Art is long, Hippocrates wrote in the 4th century BC. The fact that we know he said this proves his point. But lots of people said lots of things we don’t remember, which proves the premise. It’s art – with its breakthroughs and resonances, allusions and revelations – that has staying power, but only if and because it speaks to us. Grace Hartigan’s painting “Shinnecock Canal” at the Museum of Modern Art spoke to me years ago, and it still does. Correction: it calls to me, sings to me, shouts and hollers.
The painting, an Abstract Expressionist masterpiece from 1957, is seven and a half feet tall and over six feet wide. It’s more portal than picture and draws you in from across a room. A great grass-green swath leads from the bottom of the picture inward. It’s edged in ocean blue, black and white. Dashes of red, black and yellow form uncertain shapes (A bridge? Boats? Traffic lights? Advertising on a harborside building?) The primary colors keep your eye climbing, progressing, making side trips and returning. There’s an oceanic, churning energy, composed of and punctuated by swirling lines and raking drags of paint across the surface.
Shinnecock Canal pierces Long Island on its eastern, southern shore. It’s culturally and spatially the dividing line between “The Hamptons” and the rest of the world – both a passage and a rite of passage. Hartigan, with artist friends like Jackson Pollock and Lee Krasner, Willem and Elaine de Kooning, Helen Frankenthaler and Robert Motherwell, as well as the poet Frank O’Hara (with whom she collaborated) spent time on Long Island, away from her New York apartment.
Due to the size of the work, when standing close, the painting fills the viewer’s field of vision. It appears to extend beyond the edges of space, engulfing you; expansiveness is a hallmark of Abstract Expressionist works. Surrounded by its colors and shapes, you can easily imagine the sound of crashing waves, the tang of salt air, the beating sun that cranks up the intensity of tones. It’s all there. But in reality, it isn’t. In reality, it’s paint.
Hartigan had unique success as a woman artist in the 1950s. Her life was complicated, peripatetic and stressful. She grew up in New Jersey, married young, had a child in her teens, crossed the country in hopes of an idyllic life on the Alaskan frontier, ran out of money, broke up with her husband, asked her in-laws to raise her only child, and returned to New York to study art – not for art’s sake, but to earn a living.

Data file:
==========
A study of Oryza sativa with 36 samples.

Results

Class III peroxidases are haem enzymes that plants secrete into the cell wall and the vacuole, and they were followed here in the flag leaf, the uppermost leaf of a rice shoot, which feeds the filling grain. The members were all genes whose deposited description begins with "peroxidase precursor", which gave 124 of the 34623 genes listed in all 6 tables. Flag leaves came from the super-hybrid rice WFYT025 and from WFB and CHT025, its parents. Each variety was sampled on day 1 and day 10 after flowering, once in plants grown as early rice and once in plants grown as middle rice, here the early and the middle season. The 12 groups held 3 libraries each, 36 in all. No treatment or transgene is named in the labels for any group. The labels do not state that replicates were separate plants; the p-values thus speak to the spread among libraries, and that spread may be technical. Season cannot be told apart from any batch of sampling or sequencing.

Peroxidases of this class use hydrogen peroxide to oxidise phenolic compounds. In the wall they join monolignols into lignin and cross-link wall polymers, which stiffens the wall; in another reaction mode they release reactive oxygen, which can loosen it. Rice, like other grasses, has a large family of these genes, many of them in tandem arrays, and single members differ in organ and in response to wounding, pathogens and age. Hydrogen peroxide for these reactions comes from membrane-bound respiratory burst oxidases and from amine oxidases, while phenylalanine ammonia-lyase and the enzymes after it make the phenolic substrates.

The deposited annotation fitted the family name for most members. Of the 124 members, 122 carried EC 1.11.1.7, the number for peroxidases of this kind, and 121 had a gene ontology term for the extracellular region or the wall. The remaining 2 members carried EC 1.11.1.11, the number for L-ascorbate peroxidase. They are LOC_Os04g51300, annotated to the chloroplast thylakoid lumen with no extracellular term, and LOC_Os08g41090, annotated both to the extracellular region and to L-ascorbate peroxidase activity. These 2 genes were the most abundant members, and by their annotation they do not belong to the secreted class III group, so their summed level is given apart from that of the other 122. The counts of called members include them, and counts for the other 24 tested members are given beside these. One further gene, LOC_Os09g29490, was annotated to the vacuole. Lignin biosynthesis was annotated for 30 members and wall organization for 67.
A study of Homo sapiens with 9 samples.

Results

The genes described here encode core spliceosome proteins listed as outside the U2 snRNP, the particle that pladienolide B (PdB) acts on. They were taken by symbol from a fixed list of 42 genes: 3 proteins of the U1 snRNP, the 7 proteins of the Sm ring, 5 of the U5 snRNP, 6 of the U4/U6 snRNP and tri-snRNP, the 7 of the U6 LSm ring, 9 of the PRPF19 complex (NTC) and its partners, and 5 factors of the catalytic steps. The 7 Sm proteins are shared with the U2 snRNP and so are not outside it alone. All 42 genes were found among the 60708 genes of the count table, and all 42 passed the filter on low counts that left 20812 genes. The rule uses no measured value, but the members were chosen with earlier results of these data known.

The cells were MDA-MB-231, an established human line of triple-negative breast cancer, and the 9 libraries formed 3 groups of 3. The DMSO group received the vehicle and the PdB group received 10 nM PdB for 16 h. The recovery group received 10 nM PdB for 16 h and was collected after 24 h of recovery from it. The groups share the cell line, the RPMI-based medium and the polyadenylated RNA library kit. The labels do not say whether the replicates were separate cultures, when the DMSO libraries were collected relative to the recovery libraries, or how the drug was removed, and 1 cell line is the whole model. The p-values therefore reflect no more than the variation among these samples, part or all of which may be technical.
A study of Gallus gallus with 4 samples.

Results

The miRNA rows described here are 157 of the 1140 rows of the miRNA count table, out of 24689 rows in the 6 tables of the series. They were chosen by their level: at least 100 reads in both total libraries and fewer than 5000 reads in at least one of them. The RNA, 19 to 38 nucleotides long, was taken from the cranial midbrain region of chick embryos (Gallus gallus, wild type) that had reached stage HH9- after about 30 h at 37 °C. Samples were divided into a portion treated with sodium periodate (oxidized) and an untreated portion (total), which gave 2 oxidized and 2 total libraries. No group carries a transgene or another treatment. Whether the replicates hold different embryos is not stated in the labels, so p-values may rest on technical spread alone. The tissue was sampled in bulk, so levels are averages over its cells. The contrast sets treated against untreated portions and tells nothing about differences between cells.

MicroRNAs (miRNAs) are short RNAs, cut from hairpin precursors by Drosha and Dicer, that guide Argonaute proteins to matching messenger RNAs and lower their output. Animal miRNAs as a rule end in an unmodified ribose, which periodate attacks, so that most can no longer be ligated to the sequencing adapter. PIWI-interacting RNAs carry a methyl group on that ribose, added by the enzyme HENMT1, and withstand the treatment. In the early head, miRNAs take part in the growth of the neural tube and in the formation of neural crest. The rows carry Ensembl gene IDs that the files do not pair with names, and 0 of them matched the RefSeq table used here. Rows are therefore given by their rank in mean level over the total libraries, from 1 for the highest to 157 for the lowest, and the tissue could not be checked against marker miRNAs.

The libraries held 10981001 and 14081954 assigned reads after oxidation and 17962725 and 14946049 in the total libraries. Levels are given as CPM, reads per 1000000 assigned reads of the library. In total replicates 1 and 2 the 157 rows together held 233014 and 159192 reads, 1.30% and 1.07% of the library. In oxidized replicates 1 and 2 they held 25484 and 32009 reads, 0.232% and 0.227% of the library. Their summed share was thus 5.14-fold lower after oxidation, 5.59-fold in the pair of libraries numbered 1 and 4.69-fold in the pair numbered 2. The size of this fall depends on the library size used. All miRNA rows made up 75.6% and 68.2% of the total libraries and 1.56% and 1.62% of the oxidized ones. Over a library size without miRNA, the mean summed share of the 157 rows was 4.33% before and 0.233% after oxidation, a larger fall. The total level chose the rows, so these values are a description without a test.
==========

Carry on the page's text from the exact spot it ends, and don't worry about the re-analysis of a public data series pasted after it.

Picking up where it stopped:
For a time, she exhibited under the name “George Hartigan,” both as a sign of solidarity with George Sand and George Eliot (two 19th century women writers who used male pen names) and to overcome the prejudice against women artists. Still, in 1953, she was the first woman from what’s come to be known as the New York School of painters to have a work acquired by the Museum of Modern Art, and the only woman to be included in its landmark 1958 traveling exhibition “The New American Painting” that introduced American Modernism to European audiences. Life Magazine, in 1957, referred to Hartigan as “the most celebrated of the young American women painters.”
But these things don’t make her art speak. That comes from her ideas and emotions, her way of seeing and showing. Hartigan was rare among Abstract painters in that she brought bits of reality to her paintings. “I just had to throw in something of the life around me, even if it was just fragments, little memories, little snatches, little wisps of a corner, a piece of fruit, a vendor going by, something,” she said. It drew the ire of some critics and the praise of others who saw it as a way to transcend being locked into a movement after time had moved on. Semi-referential, semi-abstract compositions like Hartigan’s make her work more accessible for many.
“Shinnecock Canal” may not look like a landscape, but it feels like one. Its energy comes from her response to the world around her as she monumentalizes a mere patch of lawn. Her bold, gutsy brushstrokes and punches of color aren’t just about the landscape, though. They’re about seeing the world anew.
Our universe has gotten smaller in many ways this year. We may not be able to go everywhere we want, and there are very real restrictions. But smaller doesn’t need to mean less. Marcel Proust is often quoted as having said, “The real voyage of discovery consists not in seeking new landscapes, but in having new eyes.” Great beauty and emotionally rewarding vistas can be found puddles, in a patch of sky, orange carrots on a plate, the moon at night, a potted plant.
But it’s not only in nature that we find inspiration (though Hartigan admitted it made her giddy). We go to museums to see beloved works and make discoveries. “Shinnecock Canal” may not be as famous as pilgrimage-engendering Pollocks and de Koonings at MoMA, but to my eyes, it’s just as much a masterpiece. When you get to it, decide for yourself, and til then, look around at your own world with new eyes.